Sunday, October 17, 2010

Ken Buck, Bad for the Brain, Bad for the World

You know how people (well, OK, not people, religious people) say that homosexuality is a choice? I always considered it really stupid argument. So, to me, it's particularly offensive and dangerous when a person who is running to represent us, like the Republican candidate for the U.S. Senate from Colorado, Ken Buck, takes the position that homosexuality is a choice. Adultery (if you believe in such a construct) is a choice. Drinking, as opposed to abstaining, is (to a large degree) a choice. But sex? Really, in the 21st century there are still people who believe that sex is driven by choice?

It's a stupid argument for me, because I never chose to like women. I was attracted to girls since I was a boy and never did it cross my mind that I might, one day, choose to be with men (not that there's anything wrong with that, of course). I think this probably goes for the overwhelming majority of human beings. Truly, if my life depended on it and I had to tell you the day I "chose" to like girls, I'd have to lie and make up a date. Because, in all honesty, that is one answer I don't have to give. I like girls, period.

Really, then, what religious people are asking us to believe is that it would be becoming, for our gay and lesbian (and bisexual) brothers and sisters, to give up their natural (god-given?) sexual orientation to please a god that chose to make them different... to do what exactly? To tease them? To make an example of them. Or, worse, these people really believe that sexual orientation is not a natural feature but a preference.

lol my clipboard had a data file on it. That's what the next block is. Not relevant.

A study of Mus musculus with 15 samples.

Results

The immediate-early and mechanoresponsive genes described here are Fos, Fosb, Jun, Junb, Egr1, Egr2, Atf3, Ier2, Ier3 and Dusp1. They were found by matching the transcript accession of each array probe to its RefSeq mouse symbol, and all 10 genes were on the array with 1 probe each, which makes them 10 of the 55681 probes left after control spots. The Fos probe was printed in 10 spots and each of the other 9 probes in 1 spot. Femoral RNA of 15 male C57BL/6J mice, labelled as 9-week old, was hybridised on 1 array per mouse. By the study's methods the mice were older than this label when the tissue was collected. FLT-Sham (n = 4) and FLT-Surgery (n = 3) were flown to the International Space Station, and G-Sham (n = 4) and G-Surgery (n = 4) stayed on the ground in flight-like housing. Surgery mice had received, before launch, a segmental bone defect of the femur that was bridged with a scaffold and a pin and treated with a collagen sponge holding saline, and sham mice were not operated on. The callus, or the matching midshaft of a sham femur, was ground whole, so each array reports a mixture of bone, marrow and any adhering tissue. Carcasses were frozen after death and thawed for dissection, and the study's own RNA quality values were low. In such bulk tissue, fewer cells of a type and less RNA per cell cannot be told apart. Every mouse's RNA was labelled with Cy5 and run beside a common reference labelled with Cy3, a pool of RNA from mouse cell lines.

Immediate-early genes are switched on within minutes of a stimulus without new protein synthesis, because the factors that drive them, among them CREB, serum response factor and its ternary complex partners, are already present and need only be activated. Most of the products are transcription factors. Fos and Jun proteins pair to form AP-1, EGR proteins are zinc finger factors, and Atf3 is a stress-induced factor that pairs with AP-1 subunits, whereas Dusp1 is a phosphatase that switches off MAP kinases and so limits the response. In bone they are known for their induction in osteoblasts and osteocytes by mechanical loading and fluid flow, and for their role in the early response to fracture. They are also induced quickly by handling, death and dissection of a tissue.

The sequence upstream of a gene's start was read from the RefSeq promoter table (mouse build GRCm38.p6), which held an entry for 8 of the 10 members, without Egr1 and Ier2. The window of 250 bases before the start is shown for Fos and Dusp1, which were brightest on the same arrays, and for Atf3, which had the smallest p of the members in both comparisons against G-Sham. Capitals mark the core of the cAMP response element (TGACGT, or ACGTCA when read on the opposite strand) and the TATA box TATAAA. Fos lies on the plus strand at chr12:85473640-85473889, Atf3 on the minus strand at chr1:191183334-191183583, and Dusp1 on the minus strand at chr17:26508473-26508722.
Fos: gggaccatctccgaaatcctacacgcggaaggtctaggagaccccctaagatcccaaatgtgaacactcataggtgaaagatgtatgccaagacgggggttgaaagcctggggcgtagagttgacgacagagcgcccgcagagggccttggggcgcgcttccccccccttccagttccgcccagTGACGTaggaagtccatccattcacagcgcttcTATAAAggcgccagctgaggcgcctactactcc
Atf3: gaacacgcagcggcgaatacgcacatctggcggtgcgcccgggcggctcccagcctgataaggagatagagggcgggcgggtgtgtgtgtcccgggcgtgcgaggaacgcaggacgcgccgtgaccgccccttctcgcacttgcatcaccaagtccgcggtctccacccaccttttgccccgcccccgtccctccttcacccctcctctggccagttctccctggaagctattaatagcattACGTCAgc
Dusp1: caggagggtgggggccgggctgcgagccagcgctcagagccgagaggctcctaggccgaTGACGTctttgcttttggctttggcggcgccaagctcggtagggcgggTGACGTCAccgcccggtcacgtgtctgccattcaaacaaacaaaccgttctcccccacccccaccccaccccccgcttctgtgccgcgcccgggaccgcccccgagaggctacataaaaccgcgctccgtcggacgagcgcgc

The way to silence these selfish and dangerous individuals, if they were able to stop and think and shut their gob in humility, would be to ask them to pinpoint, at least to the month and year, the time they choose to like girls and not boys, or viceversa. The usual argument from them, at this point, is that bestiality and pedofilia are also natural, so should we indulge people with such proclivities? That is usually the moment I have to bite my tongue until it bleeds, count to 100, and then say--as politely as possible under the circumstances: "Don't you think that, perhaps, what consenting adult do is different from what an adult imposes on a five year-old? Also, there are some really good laws against Uncle Timmy abusing his little niece Amanda." If that logic does not break trough their concrete brains, then I have to walk away in a hurry because my next instinct would be to punch them. And I am against using force as a mean to show others the errors of their ways.

To add insult to injury, these self-declared Christians and their elected representatives tell us that their religion is different because it's a loving religion, and because we can all choose to have a personal relationship with their god, and that their goal is not to establish a theocracy, unlike--say--Islam. Of course, it wouldn't be a theocracy. It would just be a place where gays and lesbians would not be able to serve openly in the military, one where they would not be able to get married like everybody else (unless we wanted people to go down the slippery slope of marrying donkeys), one where they could not adopt, or even one where they should not be able to teach the children of straight folks. Again, a big difference from a theocracy, why can't you see it? And these people have the gall to call themselves, their god and their religion "loving."

I still believe that there is hope for humans, but it pains me that it takes so long to win even fights with a certain outcome, so that most people won't be alive to reap the fruits of the seeds of reason they sowed. But the fight is worth fighting and it start with voting, to ensure that people like Ken Buck do not get the opportunity to advance their evil, discriminatory beliefs.